The CE market seems to be plagued with bad news these days. With sales volumes squeezed, retailers struggling, longstanding categories on the edge of disappearing, layoffs, and the rapid decline of so many of the electronics markets iconic bands the drumbeat of negative trends can be overwhelming.
U.S. retail technology sales through April of 2012 (excluding Apple products) dropped 5% from 2011, which itself saw a 9% decline from 2010, according to NPD’s Consumer Tracking Service. In just two short years more than $5 billion in revenue has disappeared. One wouldn’t think that this is a great time for a brand to be venturing outside its core competencies into product segments that might seem to be a stretch. But yesterday we saw not one, but two companies (and fairly successful ones at that) take that optimistic plunge into new waters. Western Digital with its release of a family of high-speed home router equipment and Vizio, which introduced its new PC line in NYC, after its debut at CES earlier this year.
Western Digital has been the market leader in consumer hard drives for the past few years, leading the charge into the consumer storage market with 2.5 inch external HD designed to give consumers lots of storage and backup capability as their content explodes in the digital age. WD has been successful in the past, moving outside its comfort zone with its WD Live products. That product line targeted an emerging growth opportunity for digital media receivers at retail before Roku was available and Apple TV gained the traction it has today. And WD Live products remain successful today. But some may question the move into home routers, a market that isn’t high growth or emerging, but is populated with established brands and year-to-date has seen units decline 5% and revenue up less than 2% according to NPD’s Retail Tracking Service.
Throughout its history, Vizio has been a leader in flat-panel TVs. In some periods Vizio actually lead the marketplace place for LCD TV sales and shipments, but it always consistently placed in the top tier with a focused distribution strategy and a strong price/value image. Vizio, like WD, is not a stranger to trying to extend its brand to complementary categories. Soundbars, Blu-ray players, and HDMI cables are all product segments where Vizio has a strong presence today. However, Windows PCs are a far different market than HDMI cables, one with low margins, low prices, and entrenched aggressive competitors. During CES we noted there likely were too many brands chasing too little shelf space in the U.S. for Windows PCs, and nothing has changed in the ensuing five months to alter that fact. Yet Vizio has continued on and made clear its intention to be a player in the PC market.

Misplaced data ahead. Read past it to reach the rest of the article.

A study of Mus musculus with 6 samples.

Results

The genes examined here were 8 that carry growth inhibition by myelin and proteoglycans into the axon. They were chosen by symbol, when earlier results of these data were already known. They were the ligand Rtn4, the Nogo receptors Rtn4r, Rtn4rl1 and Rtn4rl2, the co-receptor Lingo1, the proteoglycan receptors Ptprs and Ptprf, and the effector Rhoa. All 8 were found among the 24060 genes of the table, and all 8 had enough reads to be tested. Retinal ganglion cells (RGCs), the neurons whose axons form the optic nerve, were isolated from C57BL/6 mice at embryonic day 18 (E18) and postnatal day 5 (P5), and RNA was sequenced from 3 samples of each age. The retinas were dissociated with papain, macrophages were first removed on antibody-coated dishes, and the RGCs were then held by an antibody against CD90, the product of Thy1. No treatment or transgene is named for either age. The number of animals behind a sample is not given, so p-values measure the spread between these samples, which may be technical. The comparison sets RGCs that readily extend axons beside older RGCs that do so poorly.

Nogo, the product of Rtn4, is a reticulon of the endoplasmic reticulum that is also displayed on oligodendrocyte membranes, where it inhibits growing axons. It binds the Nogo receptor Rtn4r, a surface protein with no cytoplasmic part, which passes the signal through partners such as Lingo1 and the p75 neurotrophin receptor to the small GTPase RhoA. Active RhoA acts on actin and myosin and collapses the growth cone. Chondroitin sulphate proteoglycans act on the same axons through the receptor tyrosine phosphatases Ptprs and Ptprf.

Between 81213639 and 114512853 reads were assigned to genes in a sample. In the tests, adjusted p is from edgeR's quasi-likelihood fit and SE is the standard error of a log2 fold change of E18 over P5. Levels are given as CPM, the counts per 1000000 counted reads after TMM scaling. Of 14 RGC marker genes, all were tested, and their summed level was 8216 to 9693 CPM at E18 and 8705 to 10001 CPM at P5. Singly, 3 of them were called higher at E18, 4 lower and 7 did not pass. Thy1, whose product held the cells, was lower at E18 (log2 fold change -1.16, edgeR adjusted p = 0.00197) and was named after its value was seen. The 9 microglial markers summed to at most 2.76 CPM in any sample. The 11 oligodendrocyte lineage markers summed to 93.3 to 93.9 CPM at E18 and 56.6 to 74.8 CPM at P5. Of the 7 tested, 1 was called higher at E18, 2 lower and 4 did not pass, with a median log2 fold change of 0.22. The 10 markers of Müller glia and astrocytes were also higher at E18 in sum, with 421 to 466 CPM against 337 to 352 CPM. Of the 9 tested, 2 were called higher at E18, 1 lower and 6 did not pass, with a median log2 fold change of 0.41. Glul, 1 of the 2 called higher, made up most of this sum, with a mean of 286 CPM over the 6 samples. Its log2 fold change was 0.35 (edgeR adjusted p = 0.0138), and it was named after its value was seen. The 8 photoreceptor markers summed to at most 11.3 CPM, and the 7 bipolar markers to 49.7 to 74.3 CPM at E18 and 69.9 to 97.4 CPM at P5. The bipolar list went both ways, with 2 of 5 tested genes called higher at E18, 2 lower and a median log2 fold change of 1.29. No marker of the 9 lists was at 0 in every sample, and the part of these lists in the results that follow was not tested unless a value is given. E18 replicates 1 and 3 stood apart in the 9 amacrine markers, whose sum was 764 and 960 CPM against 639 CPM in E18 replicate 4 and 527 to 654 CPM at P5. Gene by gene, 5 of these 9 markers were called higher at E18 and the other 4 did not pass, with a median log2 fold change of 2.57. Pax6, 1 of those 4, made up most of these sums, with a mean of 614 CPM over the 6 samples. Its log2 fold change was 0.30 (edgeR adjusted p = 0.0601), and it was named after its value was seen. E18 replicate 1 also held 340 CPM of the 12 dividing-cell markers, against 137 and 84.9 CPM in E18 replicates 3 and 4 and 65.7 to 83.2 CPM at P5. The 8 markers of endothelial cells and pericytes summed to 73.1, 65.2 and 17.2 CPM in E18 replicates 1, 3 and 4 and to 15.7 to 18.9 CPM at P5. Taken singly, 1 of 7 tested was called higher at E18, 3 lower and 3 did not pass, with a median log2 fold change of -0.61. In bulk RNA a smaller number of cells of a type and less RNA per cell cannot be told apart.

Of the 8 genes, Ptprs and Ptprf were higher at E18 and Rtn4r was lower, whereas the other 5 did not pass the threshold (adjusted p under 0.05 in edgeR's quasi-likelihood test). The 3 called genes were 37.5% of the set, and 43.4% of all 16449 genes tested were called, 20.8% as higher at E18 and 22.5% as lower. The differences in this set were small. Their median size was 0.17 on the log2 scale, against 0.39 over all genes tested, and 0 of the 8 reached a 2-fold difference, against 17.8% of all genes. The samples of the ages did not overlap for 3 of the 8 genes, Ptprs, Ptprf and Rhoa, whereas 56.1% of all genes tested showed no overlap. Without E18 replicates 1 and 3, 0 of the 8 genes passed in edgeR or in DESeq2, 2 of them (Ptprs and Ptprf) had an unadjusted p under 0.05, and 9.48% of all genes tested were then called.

We call both of these events out because it is a sign that WD and Vizio have confidence in the future, confidence in their brands, confidence in their strategy, and confidence in the CE industry. These two manufacturers haven’t just extended their lines, or shipped a slight upgrade to last year’s products but have moved into whole new categories, with a different set of competitors, and a different set of dynamics than their core consumer businesses. In today’s marketplace that takes real courage so let’s hope that these moves can kick start other CE companies into investing in future opportunities for growth instead of managing to avoid decline and failure.